Celebrate Saint Patrick’s Day by learning its history
March 19, 2016
Saint Patrick was credited with bringing Christianity to Ireland and thus became their patron saint. He is also known as the “Apostle of Ireland” or “Enlightener of Ireland.” Saint Patrick used the shamrock—a three-leafed plant and the most common image that people associate with Ireland and Saint Patrick’s Day—to teach the Irish about the doctrine of the Holy Trinity and to illustrate the Christian teaching of three persons in one God. March 17 is said to be the date of Saint Patrick’s death. St. Patrick’s Day originated as a Catholic holiday to celebrate Saint Patrick and Irish heritage. The holiday lifts the restrictions of Lent for a day and permits alcohol and feasting, thus why many indulge in alcohol on this day.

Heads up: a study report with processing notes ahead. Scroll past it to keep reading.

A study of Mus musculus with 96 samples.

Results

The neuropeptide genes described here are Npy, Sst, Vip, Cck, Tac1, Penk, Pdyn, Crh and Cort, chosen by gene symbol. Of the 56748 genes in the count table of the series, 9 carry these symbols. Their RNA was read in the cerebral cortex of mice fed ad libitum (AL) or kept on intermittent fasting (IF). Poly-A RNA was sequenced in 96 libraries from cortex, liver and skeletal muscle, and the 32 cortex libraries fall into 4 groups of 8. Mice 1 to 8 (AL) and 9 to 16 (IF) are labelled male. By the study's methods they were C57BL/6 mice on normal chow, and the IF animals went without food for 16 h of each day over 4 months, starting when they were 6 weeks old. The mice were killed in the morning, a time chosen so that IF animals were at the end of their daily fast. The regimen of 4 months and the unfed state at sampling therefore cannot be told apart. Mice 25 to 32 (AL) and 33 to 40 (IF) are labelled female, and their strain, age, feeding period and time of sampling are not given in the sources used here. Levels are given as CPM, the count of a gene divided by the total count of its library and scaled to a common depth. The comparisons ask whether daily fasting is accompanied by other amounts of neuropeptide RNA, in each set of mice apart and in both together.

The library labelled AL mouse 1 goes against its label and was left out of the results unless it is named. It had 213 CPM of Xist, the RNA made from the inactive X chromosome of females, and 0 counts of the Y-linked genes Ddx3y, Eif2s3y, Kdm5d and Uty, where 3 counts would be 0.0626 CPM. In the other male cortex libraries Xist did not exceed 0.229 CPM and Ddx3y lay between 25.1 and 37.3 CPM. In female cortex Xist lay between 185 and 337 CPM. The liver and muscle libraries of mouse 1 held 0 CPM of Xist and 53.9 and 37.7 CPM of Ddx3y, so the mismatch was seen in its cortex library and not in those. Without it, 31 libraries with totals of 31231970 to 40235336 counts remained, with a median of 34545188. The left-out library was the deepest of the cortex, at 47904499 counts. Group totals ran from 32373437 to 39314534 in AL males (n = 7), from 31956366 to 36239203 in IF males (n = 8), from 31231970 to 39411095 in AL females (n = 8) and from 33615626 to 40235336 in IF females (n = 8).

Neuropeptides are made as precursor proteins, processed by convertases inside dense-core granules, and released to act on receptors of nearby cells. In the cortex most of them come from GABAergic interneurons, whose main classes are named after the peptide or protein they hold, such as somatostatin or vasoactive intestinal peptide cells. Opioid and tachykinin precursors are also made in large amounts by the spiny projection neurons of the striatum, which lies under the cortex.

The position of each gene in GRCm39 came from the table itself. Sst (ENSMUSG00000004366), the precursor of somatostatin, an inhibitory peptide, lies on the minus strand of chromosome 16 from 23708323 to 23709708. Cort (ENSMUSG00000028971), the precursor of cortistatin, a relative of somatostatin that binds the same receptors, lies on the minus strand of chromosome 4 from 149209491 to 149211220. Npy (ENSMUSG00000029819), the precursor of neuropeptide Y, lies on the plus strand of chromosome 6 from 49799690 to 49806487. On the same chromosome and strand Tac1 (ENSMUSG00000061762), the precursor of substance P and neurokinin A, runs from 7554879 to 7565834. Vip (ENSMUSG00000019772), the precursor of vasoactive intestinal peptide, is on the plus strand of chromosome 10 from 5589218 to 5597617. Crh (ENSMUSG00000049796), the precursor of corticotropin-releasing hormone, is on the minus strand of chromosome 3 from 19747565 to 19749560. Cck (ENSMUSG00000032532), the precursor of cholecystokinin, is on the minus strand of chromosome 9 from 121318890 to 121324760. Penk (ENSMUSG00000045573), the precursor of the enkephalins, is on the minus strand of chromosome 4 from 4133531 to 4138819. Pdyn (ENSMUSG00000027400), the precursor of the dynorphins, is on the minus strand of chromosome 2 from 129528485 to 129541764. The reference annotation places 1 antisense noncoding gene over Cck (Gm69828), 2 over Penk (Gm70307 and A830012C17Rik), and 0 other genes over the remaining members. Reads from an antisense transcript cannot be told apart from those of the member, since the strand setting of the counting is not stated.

Today, Saint Patrick’s Day is widely recognized throughout the United States to celebrate Irish and Irish American culture. In fact, Henry Cronin, a professor at Boston College, credits the United States with popularizing the holiday, turning it into the global phenomenon it is today.
Previously, Saint Patrick’s Day was celebrated among the Irish very modestly, with mass in the morning and a military parade in the afternoon. Saint Patrick’s Day did not grow in popularity and celebrations until after the American Civil War when Irish Americans sought a way to challenge nativist sentiment toward Irish Americans, who migrated to the United States in increasingly large numbers. By the end of the 19th century, Saint Patrick’s Day was being observed on the streets of major Irish cities such as Boston, Chicago and New York, as well as in other cities such as New Orleans, San Francisco and Savannah. During these celebrations, parades, parties and festivals became more commonplace in observing Saint Patrick’s Day.